Return of the HOT Lanes:
Following removal and paving over of the wooded buffer along the Capital Beltway, VDOT and its contractor, Fluor-Transurban, have developed plans for replanting along the limited open areas remaining. The replanting plan may be viewed on their website, where comments and suggestions may also be submitted until June 22, 2012. The initial list of species to be planted includes several which are not native, but there is hope that can be refined. We encourage you to comment, letting VDOT know of the desirability of locally native species.
We did a quick photo survey of the current status (May 2012) of vegetation along 495 in the Accotink Creek watershed.
The survey showed:
A variety of native species are reestablishing themselves, including winged sumac, smooth sumac, staghorn sumac, sycamore, tulip poplar, mixed oaks, mixed hickories, sweet gum, black locust, broomsedge grass, mixed maples, pine, deer tongue grass, panic grass, mixed goldenrods, nettle, grape, pokeweed, Virginia creeper, sassafras, hornbeam or beech (not sure), dogbane milkweed, and blackberry.
At the same time, the ever-present invasive alien plant species were also at work claiming this open space for themselves: mile-a-minute, Japanese stilt grass, Oriental bittersweet, porcelainberry, autumn olive, flowering cherry, knapweed, tree-of-heaven, and silk tree mimosa.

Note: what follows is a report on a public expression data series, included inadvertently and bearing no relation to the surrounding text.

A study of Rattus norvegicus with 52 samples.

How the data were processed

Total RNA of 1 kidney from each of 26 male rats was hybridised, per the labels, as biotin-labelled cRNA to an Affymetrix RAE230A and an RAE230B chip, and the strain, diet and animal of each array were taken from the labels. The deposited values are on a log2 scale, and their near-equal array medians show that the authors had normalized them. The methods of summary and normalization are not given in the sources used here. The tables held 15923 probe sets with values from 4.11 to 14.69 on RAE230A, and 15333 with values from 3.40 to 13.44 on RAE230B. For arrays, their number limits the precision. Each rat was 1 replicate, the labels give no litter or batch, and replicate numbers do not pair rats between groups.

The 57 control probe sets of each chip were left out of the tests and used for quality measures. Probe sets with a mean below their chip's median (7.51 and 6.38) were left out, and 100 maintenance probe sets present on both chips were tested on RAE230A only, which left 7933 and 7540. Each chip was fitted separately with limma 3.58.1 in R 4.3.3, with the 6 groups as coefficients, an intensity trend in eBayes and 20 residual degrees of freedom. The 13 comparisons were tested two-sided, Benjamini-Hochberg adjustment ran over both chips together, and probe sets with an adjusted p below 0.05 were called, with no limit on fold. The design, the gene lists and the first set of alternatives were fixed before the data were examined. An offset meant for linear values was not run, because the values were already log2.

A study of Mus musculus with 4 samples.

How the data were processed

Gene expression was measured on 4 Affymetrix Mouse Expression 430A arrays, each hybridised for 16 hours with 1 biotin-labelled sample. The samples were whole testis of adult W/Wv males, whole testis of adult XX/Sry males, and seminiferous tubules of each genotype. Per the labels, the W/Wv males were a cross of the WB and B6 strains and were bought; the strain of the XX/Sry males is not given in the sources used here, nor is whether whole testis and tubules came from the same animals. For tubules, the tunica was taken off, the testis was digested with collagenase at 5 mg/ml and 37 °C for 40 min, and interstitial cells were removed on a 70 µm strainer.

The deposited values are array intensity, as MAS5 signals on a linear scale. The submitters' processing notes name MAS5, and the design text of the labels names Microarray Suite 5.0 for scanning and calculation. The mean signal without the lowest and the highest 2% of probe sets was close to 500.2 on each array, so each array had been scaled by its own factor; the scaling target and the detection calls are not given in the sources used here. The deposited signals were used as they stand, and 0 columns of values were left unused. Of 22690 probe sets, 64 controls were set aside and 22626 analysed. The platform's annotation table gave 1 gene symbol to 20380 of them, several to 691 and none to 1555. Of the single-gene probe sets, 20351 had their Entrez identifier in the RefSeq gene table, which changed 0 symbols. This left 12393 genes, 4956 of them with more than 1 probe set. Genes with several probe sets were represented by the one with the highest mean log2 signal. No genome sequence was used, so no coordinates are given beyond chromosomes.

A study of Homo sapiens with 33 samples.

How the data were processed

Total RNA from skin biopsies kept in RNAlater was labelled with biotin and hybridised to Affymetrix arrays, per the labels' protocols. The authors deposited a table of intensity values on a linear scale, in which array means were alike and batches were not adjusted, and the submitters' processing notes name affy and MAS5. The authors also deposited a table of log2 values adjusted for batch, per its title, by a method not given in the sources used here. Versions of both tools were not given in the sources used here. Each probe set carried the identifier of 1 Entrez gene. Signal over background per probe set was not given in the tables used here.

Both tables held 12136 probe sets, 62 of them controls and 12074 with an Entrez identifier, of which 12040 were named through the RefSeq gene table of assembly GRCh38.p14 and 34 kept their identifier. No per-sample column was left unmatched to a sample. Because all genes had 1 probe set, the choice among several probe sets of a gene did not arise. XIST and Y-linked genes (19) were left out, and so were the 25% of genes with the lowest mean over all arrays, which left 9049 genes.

050512 Photos - Photo survey of current status quo before replanting
For comparison, replanting has already begun along a similar huge road project in our watershed, the Fairfax County Parkway extension. This is on DOD property and DOD replanting rules apply.
050412 Photos - Comparison with planting underway along 7100
Also for comparison, VDOT stopped mowing the I-95/644 (Old Keene Mill Road), also in our watershed, after 2008. An impressive regrowth of trees has occurred, but, isolated from wooded areas that could serve as a native seed bank, is is mostly invasive species.
051012 Photos - Comparison with unmown I-95/644 interchange
The erosion and sediment issues we documented earlier in the construction are not gone, but are much diminished (and harder to observe), now that many areas are at final grade and ongoing work is largely inside the median and interchanges. (Our earlier HOT reports)
Native winged sumac and hickory reclaim their place along 495
Someone has found an alternate means of revegetation
Contact Friends of Accotink Creek, E-mail.